Festival crowds turn city centre into Wacky Races, says Ian Rankin

Ian Rankin has compared streets during the Fringe to Wacky Races.
Ian Rankin has compared streets during the Fringe to Wacky Races.

The creator of Inspector Rebus, who has recently moved to a flat overlooking the Meadows, has also bemoaned the fact he can hear people “playing bongos till all hours”.

Barriers for the Edinburgh festival. Picture: Lisa Ferguson

Barriers for the Edinburgh festival. Picture: Lisa Ferguson

Speaking at the Edinburgh International Book Festival, he said: “If you can survive Edinburgh in August you can survive anything, I reckon.”

Rankin said he was having to channel his grumpiness about the Festival by imagining Rebus’s arch-nemesis, who stays in the Quartermile development the author has just moved into, looking out of his window with an air rifle.


He said: “Edinburgh is a place that is welcome to creative, artistic people, to outsiders and weird people, but at the same time it is not huge.

“It’s not quite a village but you can very quickly get a sense of what kind of place it is and you might fit in. The books were set very much in Edinburgh, a city I was completely infatuated with, in a kind of love-hate relationship way. I just wanted to know more about this place and what made it tick.


“Of course, that’s just me being grumpy, but I can channel that through Rebus, and also through Big Ger Cafferty, who lives in Quartermile, looking over the bloody Meadows.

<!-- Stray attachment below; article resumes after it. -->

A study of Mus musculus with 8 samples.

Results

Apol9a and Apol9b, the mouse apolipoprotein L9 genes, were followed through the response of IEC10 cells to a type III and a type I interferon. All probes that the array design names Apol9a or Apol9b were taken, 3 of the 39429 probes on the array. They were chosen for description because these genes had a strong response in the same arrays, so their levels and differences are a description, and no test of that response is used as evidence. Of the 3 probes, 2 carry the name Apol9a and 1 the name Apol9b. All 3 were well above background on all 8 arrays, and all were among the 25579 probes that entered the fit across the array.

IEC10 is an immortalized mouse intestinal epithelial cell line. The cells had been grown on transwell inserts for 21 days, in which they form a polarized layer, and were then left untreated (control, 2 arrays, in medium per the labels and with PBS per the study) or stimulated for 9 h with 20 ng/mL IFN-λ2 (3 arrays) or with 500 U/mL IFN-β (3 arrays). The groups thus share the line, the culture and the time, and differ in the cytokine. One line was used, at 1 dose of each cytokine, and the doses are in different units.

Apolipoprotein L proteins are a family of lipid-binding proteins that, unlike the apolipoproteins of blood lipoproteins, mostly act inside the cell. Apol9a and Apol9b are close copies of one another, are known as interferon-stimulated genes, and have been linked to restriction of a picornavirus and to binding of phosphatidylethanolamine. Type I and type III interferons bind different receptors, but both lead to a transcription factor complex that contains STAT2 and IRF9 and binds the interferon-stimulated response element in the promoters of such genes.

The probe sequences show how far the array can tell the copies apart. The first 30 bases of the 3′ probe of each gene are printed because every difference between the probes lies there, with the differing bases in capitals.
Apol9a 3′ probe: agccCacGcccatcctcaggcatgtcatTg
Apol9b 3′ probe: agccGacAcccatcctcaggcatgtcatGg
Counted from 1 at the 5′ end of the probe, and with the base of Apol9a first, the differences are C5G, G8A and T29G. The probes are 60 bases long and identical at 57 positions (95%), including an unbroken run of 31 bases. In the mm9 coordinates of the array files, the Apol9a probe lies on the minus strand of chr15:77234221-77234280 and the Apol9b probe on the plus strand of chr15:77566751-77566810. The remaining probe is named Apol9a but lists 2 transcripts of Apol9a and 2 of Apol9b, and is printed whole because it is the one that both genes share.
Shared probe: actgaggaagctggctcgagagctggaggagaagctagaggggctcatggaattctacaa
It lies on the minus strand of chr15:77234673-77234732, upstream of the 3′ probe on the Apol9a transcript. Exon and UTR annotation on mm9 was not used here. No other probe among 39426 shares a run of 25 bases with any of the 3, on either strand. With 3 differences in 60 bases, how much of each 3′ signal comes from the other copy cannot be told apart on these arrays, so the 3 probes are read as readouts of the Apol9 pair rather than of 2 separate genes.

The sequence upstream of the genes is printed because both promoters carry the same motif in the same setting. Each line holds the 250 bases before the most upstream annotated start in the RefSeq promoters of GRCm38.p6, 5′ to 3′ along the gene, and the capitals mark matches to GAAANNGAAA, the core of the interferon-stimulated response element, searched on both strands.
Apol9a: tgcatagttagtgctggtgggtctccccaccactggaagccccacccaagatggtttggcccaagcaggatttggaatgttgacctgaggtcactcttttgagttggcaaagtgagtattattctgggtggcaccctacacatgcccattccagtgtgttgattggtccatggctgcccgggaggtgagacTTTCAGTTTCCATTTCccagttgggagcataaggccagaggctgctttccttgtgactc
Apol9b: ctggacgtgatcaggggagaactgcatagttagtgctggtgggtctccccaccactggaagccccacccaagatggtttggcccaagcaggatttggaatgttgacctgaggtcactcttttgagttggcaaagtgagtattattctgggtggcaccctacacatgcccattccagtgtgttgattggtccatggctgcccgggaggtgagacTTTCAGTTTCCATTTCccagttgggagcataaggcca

“There is a late-night circus in the Meadows and people playing bongos till all bloody hours.

“I can just imagine Cafferty looking out the window of his triplex apartment, possibly with an air rifle.”

Asked by a fan if he had ever considered moving Rebus out of Edinburgh, or even to England, Rankin said: “He’s only been south of the Border once or twice. The third book was set in London because I was living there at the time and hated it. I thought I would take Rebus there so he could hate it as well.”

Rankin revealed he was told to shred as much of his personal archives as possible by the widow of author Iain Banks before downsizing to his Quartermile flat.

The National Library of Scotland has since acquired 50 boxes of manuscripts, letters and other paperwork kept by the author, including some of his earliest work.

He said: “I went through it all and took out the real crap. I asked Adele, Iain Banks’ widow: ‘Look, when Iain died you got rid of a lot of his stuff. How did you do it?’ She said: ‘This is the shredder you want. This is the make and model.’ I bought it, sat in the garage and went through 40 years of stuff.”

Rankin said he was due to start writing a novel in the autumn and work was also under way on a second Rebus stage play following the success of Long Shadows, which toured the UK after opening in Birmingham last September.